Could aid stalking and burglary


The Nike + iPod device transmits data from a gizmo in a runner's shoe to an iPod, where software crunches the numbers to come up with information such as how far someone has run, and how fast, in real time. But the researchers have found that it could well be broadcasting that data to others too.

"A bad person could use this information to compromise your personal privacy and safety. We describe specific example scenarios, like stalking, in our paper," said a statement from researchers Scott Saponas, Jonathan Lester, Carl Hartung and Tadayoshi Kohno of the Department of Computer Science and Engineering at the University of Washington.

The gadget in the runner's shoe contains a radio frequency identification (RFID) chip which sends the data to a receiver connected to the iPod. The information itself is encrypted, but enough information is broadcast to a range of up to 60 feet to pose a security risk.

"When you walk or run the Nike + iPod sensor in your shoe will transmit messages using a wireless radio," said the researchers. "These messages contain a unique identifier that can be detected from 60 feet away. This information is potentially private because it can reveal where you are, even when you'd prefer for a bad person to not know your location."

They found that small computer equipment could be used to read the unique identifier. Some of this was small enough to hide in the user's environment. Placed on that person's front door or in bushes beside the entrance the machine could be used to read and record every time the shoe gadget passed it by.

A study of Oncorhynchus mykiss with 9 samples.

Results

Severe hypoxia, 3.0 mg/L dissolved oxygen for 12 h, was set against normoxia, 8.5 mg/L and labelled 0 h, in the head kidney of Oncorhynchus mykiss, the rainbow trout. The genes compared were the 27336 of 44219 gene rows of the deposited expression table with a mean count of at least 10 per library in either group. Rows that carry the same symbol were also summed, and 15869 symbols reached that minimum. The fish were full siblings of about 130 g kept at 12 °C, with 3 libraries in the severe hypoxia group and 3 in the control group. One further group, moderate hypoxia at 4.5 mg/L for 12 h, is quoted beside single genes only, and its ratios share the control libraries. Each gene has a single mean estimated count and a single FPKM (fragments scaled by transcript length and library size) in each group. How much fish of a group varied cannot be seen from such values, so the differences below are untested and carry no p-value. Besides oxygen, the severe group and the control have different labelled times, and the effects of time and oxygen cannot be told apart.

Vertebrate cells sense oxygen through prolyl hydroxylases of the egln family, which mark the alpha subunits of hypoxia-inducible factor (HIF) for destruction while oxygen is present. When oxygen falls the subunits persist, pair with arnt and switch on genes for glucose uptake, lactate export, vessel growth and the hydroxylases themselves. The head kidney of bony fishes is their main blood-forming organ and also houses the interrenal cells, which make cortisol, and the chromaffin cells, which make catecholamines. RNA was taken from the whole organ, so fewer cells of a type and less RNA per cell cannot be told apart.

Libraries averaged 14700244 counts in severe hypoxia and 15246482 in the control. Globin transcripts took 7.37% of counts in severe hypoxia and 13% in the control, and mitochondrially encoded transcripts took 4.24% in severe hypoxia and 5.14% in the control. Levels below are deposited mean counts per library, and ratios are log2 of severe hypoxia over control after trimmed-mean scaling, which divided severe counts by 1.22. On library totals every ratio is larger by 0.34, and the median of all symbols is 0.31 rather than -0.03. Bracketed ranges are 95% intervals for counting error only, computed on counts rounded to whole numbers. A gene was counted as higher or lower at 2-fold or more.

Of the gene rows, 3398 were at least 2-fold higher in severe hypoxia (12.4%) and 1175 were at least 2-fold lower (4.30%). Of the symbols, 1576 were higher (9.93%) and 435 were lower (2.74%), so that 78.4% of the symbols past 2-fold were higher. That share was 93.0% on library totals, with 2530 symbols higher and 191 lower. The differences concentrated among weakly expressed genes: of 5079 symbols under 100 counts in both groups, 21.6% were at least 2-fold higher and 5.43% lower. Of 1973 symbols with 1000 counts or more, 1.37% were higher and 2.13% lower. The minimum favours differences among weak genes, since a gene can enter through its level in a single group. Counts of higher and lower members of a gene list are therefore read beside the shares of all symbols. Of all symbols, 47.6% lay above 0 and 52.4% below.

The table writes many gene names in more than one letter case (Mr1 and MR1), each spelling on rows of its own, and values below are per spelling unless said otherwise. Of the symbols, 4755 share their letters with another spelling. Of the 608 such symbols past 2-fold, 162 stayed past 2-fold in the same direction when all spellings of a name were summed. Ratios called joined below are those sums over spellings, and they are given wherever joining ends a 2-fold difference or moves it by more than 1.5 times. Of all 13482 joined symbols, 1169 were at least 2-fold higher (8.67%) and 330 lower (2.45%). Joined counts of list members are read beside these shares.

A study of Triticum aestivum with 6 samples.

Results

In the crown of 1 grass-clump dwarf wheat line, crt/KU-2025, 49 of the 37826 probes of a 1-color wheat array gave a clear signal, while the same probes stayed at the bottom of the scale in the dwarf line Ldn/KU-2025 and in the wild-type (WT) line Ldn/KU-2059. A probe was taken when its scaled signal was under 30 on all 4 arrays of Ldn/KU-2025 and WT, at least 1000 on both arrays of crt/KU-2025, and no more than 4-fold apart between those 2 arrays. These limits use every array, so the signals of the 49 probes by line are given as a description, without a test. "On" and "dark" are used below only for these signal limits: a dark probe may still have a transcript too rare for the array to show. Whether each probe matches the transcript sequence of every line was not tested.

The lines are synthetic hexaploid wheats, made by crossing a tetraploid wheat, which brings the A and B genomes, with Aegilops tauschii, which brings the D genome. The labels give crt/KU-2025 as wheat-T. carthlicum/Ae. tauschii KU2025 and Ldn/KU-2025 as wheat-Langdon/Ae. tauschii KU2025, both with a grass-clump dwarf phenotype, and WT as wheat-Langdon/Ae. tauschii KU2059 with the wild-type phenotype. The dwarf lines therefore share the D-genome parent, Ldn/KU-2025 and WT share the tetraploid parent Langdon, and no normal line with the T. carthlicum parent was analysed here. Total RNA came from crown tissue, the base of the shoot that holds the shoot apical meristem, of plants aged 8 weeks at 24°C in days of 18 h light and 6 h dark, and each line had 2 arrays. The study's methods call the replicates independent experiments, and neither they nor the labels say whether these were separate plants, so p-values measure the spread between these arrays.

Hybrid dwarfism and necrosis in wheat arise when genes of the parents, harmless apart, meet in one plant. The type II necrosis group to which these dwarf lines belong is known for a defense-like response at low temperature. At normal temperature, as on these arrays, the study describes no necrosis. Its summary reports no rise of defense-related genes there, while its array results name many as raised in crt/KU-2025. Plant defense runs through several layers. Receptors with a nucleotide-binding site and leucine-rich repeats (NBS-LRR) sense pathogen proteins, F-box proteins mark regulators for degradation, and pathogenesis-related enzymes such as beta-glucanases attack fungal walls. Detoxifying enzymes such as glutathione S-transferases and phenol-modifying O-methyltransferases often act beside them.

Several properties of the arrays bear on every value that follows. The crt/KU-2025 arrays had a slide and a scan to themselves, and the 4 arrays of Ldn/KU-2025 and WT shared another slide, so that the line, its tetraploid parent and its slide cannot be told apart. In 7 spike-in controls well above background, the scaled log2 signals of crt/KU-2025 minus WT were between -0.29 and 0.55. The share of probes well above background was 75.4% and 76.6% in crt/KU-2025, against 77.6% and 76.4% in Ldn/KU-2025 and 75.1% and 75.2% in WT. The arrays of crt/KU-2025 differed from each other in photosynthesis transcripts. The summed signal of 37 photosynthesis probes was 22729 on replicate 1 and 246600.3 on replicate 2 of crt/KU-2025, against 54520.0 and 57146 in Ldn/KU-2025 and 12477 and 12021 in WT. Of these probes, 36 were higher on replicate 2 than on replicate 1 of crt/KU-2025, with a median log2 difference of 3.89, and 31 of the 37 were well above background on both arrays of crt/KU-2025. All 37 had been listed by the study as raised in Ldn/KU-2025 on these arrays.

That could allow a person using the tracking equipment to log when the user was home and when he was out of the house. This could be vital information for burglars.

If a person built a network of these sensors they could map the movements of a person or any number of people through a whole area, and could plot that movement on online mapping services such as Google Maps.

The researchers said that building a surveillance network would be "neither hard nor expensive". "Our prototype shows that a bad person could build a full-featured, WiFi-enabled Nike + iPod surveillance device for under $250," they said.